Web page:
Mueller probe steams towards a critical conclusion
Special Counsel Robert Mueller’s investigation of Russian interference in the 2016 presidential election took a significant turn with the recent indictment of longtime Donald Trump political adviser Roger Stone.
Stone, a self-proclaimed Republican “dirty trickster” with a history of inserting mischief into presidential elections, was charged with obstruction of justice and lying to Congress.
Mueller accused Stone of criminally concealing his communications with WikiLeaks, the activist website that collects and releases secret government, political or corporate documents. WikiLeaks first released thousands of stolen emails and documents from the Hillary Clinton campaign in July 2016. WikiLeaks obtained the stolen material from Russian government agents.
It was the modern day equivalent of the 1972 Nixonian era break-in of the Democratic National Committee office in the Watergate complex, only in 2016 the break-in was digital and the burglars were Russian government hackers. American intelligence agencies have determined it was part of Russia’s concerted effort to sabotage Clinton and help Trump.
Mueller contends that “a senior Trump campaign official was directed to contact” Stone prior to the second release of Clinton emails to learn more about what damaging information WikiLeaks had and when it would be released. WikiLeaks released the second batch of emails, hacked from the computer of Clinton campaign manager John Podesta, on Oct. 7, 2016.
Stone has pleaded not guilty.
Significantly, Mueller assumes in the Stone indictment that Trump’s campaign leadership had prior knowledge of WikiLeaks' plan to release the stolen campaign documents.
Stone’s indictment brings to 34 the number of people charged with crimes stemming from Mueller’s investigation.
Among those indicted are 13 Russian nationals who were employees of three Russian companies charged with executing a propaganda campaign using social media posts and online ads to assist Trump. They are charged with conspiracy to commit an offense against the United States, identity theft and conspiracy to launder money. It is illegal for foreign organizations to contribute donations or services to federal political campaigns.
Also indicted are 12 Russian military intelligence officers charged with hacking, stealing and passing the Clinton campaign documents to WikiLeaks.
Among the Americans indicted in the Mueller investigation, Stone is one of six former Trump campaign advisers. Five of the indicted former Trump advisers, excluding Stone, have entered plea agreements to cooperate with the special counsel. They include:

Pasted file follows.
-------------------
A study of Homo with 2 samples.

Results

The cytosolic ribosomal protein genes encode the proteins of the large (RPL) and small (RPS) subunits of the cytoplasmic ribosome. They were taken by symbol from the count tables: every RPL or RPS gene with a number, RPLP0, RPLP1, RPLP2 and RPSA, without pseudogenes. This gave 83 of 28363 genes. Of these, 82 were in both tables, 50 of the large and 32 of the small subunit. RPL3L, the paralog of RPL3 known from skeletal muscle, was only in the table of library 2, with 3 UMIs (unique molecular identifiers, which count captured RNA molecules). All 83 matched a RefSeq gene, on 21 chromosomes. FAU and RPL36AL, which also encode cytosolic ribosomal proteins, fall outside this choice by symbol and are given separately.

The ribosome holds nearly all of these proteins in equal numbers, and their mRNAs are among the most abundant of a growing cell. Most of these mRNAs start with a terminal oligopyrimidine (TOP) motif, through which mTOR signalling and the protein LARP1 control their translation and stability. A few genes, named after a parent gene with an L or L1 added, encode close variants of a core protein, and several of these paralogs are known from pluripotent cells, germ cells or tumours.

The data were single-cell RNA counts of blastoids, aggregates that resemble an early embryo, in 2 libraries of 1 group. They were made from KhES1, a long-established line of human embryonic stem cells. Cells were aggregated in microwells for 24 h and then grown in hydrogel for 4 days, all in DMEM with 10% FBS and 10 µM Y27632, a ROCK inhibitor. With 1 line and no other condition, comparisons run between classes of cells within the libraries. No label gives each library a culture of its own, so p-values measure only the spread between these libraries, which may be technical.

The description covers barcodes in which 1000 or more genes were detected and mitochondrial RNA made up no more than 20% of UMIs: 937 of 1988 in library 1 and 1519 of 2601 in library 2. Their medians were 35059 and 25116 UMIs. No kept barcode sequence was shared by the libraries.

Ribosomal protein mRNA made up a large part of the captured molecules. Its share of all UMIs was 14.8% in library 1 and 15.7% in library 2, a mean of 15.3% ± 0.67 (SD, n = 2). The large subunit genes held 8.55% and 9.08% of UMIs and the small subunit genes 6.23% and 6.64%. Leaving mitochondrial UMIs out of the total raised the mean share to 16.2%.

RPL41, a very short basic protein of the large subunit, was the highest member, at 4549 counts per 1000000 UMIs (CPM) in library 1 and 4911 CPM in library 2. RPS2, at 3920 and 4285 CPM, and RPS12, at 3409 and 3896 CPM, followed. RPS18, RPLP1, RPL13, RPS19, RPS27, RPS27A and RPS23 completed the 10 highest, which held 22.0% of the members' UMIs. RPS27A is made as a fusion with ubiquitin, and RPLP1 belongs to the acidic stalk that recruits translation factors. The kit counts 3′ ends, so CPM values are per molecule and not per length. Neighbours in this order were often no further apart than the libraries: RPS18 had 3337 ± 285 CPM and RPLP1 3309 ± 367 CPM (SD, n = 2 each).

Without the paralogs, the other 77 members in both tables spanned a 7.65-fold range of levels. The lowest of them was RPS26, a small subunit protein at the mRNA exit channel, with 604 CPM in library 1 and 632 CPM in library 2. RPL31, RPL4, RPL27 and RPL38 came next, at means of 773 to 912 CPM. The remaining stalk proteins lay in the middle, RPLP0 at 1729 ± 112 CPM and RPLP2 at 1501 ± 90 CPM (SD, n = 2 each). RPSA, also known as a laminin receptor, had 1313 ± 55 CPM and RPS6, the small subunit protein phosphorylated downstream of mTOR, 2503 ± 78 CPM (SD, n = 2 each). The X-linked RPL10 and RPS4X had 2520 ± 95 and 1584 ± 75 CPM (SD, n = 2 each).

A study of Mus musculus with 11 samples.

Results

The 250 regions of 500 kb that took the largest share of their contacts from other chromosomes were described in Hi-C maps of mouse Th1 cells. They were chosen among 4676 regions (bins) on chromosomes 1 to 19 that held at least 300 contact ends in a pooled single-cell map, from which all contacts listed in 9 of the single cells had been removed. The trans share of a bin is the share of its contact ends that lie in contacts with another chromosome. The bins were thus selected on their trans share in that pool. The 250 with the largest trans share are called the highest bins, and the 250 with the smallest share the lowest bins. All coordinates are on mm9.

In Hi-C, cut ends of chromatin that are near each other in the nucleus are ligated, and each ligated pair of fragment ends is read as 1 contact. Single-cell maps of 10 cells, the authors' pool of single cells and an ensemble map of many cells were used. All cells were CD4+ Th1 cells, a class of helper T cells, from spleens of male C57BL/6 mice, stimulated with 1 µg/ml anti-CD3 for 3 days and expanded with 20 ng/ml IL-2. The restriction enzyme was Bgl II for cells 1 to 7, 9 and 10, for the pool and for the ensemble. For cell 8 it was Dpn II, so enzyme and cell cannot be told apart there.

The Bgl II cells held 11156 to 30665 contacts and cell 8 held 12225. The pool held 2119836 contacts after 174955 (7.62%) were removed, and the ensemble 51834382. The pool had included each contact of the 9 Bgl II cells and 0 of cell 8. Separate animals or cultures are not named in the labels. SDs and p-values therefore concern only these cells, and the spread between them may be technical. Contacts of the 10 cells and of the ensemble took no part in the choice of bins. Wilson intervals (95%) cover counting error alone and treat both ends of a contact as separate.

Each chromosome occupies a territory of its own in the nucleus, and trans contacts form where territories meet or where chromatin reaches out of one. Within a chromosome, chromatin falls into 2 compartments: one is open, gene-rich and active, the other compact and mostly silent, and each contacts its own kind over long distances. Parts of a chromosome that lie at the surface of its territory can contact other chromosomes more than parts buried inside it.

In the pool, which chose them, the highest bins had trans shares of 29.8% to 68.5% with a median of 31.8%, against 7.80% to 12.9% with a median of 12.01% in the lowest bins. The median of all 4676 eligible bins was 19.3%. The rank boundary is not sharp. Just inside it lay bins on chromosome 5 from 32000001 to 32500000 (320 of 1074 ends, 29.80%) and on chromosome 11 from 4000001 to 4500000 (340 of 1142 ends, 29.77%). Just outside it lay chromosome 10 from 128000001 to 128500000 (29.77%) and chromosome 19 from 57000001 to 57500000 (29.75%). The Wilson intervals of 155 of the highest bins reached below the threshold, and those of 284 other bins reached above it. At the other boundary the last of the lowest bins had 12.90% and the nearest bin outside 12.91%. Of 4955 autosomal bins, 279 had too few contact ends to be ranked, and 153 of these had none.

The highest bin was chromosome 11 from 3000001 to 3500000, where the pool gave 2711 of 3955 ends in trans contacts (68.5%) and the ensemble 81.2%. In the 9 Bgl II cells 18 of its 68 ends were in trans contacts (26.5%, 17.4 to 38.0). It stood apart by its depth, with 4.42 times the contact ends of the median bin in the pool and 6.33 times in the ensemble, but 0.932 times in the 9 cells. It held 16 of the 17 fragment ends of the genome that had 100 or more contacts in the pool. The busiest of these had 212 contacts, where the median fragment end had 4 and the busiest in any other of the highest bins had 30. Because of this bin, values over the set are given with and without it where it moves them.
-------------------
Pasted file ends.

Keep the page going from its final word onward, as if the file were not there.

• Paul Manafort: The former Trump campaign chairman was convicted of financial fraud in the summer of 2018 for his consulting on behalf of Ukrainian politicians allied with Russian President Vladimir Putin. Manafort pled guilty before a second trial began in September and agreed to cooperate with Mueller. Mueller later told the presiding judge that Manafort reneged on that agreement by lying to the special counsel.
• Michael Cohen: Trump’s former personal attorney pled guilty last August to financial fraud related to his private businesses. Cohen also pled guilty to paying hush money during the 2016 campaign to two women who claimed to have had affairs with Trump. In November, Cohen pled guilty to charges of lying to Congress about a Trump Organization business venture to build a hotel complex in Moscow. In December Cohen was sentenced to three years.
• Michael Flynn: Trump’s former national security adviser pled guilty in December 2017 to lying to the FBI over his pre-and-post election meetings with Russian government embassy officials.
• George Papadopoulos: The former Trump campaign foreign policy adviser pled guilty in October 2017 to lying to the FBI about his contacts with Russian intermediaries to obtain negative information on Clinton. He only got 14 days.
• Rick Gates: The former Trump campaign aide and Manafort’s business partner was indicted on similar charges to those brought against Manafort. In February 2018, Gates pled guilty to making false statements to the FBI.
These arrests and indictments provide ample evidence of multiple interactions between Russian government operatives and top-level Trump advisers.
The big question, however, is whether Mueller has evidence of coordination, collusion or partnership between the Trump campaign, WikiLeaks and the Russian companies trolling social media on Trump’s behalf.
Beyond advanced knowledge of WikiLeaks' possession of the stolen emails, did the Trump campaign actively coordinate with WikiLeaks and/or the Russians to manipulate the 2016 election? Answering that question will be the key finding of the Mueller report when it is finally released. And released it must be.
Because on that question hangs the future of Donald Trump’s presidency.
The Day editorial board meets regularly with political, business and community leaders and convenes weekly to formulate editorial viewpoints. It is composed of President and Publisher Pat Richardson, Editorial Page Editor Paul Choiniere, retired Day editor Lisa McGinley, Managing Editor Tim Cotter and Staff Writer Julia Bergman. However, only the publisher and editorial page editor are responsible for developing the editorial opinions. The board operates independently from the Day newsroom.